Has the Big Apple Gone Sour for Sportsbooks?


New York was supposed to be a panacea for online sportsbooks but several issues have turned that dream into what some are calling a nightmare.

Market Share Madness

The biggest names in the online sports betting world were salivating at the prospect of devouring the New York sports betting market where millions upon millions of people were all potential revenue generators.

However, after only five months, the profit margins are proving to be razor thin and the operators are re-evaluating their strategy going forward.

New York’s Biggest Issues

One of the biggest issues is the deal they struck with the New York legislature which demands an onerous 51 percent tax rate from the operators.

It is the most state-friendly sports betting deal in the country but one that is straining the operators’ ability to turn a profit.

Green Light for the Books

The other issue is the relentless marketing campaigns costing hundreds of millions of dollars. FanDuel, DraftKings, Caesars, and BetRivers were making books as soon as they were given the green light back on January 5th.

BetMGM and PointsBet came onboard a few weeks later with Wynn joining the party on February 3rd while Resorts WorldBET followed a month later.

The key was to get early adopters and, in an effort to do so, they have been cannibalizing their own profits by reinvesting into advertising among other things.

One Time Thing

According to reports, most people who sign up only have one sport betting account.

The vast majority of the market are recreational bettors who don’t care whether they are getting the best odds or the sharpest line because they have no other book at their disposal.

But what that key metric does illustrate is that once a customer chooses a sportsbook, that person is likely irretrievably removed from the pool of potential customers.

One-shot and one bite at the apple is all these sportsbooks get which is why the advertising campaigns are in overdrive.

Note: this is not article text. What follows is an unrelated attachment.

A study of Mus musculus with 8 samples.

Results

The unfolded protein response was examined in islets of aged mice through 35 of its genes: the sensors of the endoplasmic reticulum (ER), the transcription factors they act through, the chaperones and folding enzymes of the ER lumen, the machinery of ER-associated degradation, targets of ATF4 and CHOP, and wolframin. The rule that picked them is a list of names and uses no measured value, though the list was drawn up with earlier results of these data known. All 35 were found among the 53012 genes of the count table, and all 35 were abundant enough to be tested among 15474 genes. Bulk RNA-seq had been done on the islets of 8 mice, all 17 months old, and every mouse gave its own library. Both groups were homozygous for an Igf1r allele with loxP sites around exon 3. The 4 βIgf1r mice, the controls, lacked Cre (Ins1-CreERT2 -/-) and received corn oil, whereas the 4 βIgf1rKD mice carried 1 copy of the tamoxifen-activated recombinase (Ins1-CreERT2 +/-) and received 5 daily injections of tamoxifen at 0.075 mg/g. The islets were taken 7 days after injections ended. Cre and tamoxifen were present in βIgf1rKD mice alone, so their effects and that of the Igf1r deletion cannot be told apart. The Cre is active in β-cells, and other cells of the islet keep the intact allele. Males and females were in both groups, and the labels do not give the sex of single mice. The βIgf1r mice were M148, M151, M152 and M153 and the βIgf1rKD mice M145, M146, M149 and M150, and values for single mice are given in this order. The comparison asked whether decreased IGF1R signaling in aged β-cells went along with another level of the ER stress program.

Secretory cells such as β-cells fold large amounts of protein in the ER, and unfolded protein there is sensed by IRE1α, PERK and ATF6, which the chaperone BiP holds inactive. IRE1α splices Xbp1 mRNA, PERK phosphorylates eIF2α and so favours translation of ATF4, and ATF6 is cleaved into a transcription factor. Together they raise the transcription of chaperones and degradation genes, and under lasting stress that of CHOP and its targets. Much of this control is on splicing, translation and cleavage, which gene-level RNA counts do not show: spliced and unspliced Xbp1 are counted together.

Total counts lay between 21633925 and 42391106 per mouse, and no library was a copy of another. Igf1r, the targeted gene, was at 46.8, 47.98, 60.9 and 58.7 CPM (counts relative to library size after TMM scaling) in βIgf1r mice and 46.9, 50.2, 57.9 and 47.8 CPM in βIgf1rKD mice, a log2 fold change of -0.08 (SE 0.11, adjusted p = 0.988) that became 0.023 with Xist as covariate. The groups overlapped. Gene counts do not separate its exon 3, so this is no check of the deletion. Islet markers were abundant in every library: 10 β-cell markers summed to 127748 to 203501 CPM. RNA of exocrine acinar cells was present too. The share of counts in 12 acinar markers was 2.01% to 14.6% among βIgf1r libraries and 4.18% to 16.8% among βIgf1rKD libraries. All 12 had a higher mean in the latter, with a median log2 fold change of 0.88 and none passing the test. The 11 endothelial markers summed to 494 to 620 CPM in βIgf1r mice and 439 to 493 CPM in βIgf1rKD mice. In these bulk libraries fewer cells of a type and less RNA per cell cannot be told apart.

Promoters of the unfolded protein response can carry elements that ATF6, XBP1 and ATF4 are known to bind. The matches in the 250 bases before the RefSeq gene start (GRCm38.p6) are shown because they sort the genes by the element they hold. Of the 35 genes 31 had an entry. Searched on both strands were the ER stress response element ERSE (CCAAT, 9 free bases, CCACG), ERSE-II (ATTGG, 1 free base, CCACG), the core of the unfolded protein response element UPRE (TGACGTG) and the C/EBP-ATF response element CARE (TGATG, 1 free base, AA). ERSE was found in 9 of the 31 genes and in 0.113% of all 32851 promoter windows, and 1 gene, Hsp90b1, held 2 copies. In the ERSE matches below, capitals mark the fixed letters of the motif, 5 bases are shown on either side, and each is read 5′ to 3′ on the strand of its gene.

Sportsbooks Increasing SignUp Promotions

Another major blow to the operators’ bottom line has been the dizzying volume and size of the signup promotions.

Some are routinely offering $1100 to $1500 in bonuses to first-time customers which takes a big chunk out of the profit margins.

And what’s even worse is that these companies cannot use these promos and bonuses as a tax write-off.

The House Can’t Continue Losing

DraftKings has seen its stock price plummet from a high of $71.98 to as low as $12.98 in a little over a year because of the enormous outlay of cash they have spent in trying to woo these early adopters.

Gary Deutsch, CFO of BetMGM, said marketing in a 51 percent tax state was an “irrational investment thesis”.

“As rational allocators of capital with sophisticated investors in Entain and MGM, we simply can’t apply our capital against an irrational investment thesis.

Players would never continue to play if the house always won. The house cannot continue to play if it’s always going to lose.”

Bally’s Delays

One prescient licensed operator foresaw the madness that was in the store and has remained on the sidelines, allowing the other books to make the Empire State populace aware of the sports betting industry and content to let them overspend and seize the early adopters.

Soo Kim, Bally’s Chairman, is the man who made that decision, eschewing the Super Bowl and March Madness betting seasons for a more leisurely entrance later on in 2022.

“Oh yeah, we’re OK with that. I think that look, we have a longer-term plan and I think part of this is why maybe our plan isn’t fully being grasped by the public markets.

Public Markets Short-term-minded

The public markets tend to be very short-term-minded, what’s going to happen in the next earnings, what’s going to happen at the next, you know.

“But we think that actually, the current version of sports betting is not a great business. It’s a fine business, it’s not a great business.

We think that there will be a wave of consolidation that will rationalize promotions. But more importantly, I think people will stop competing with just free money but people will start competing with product.”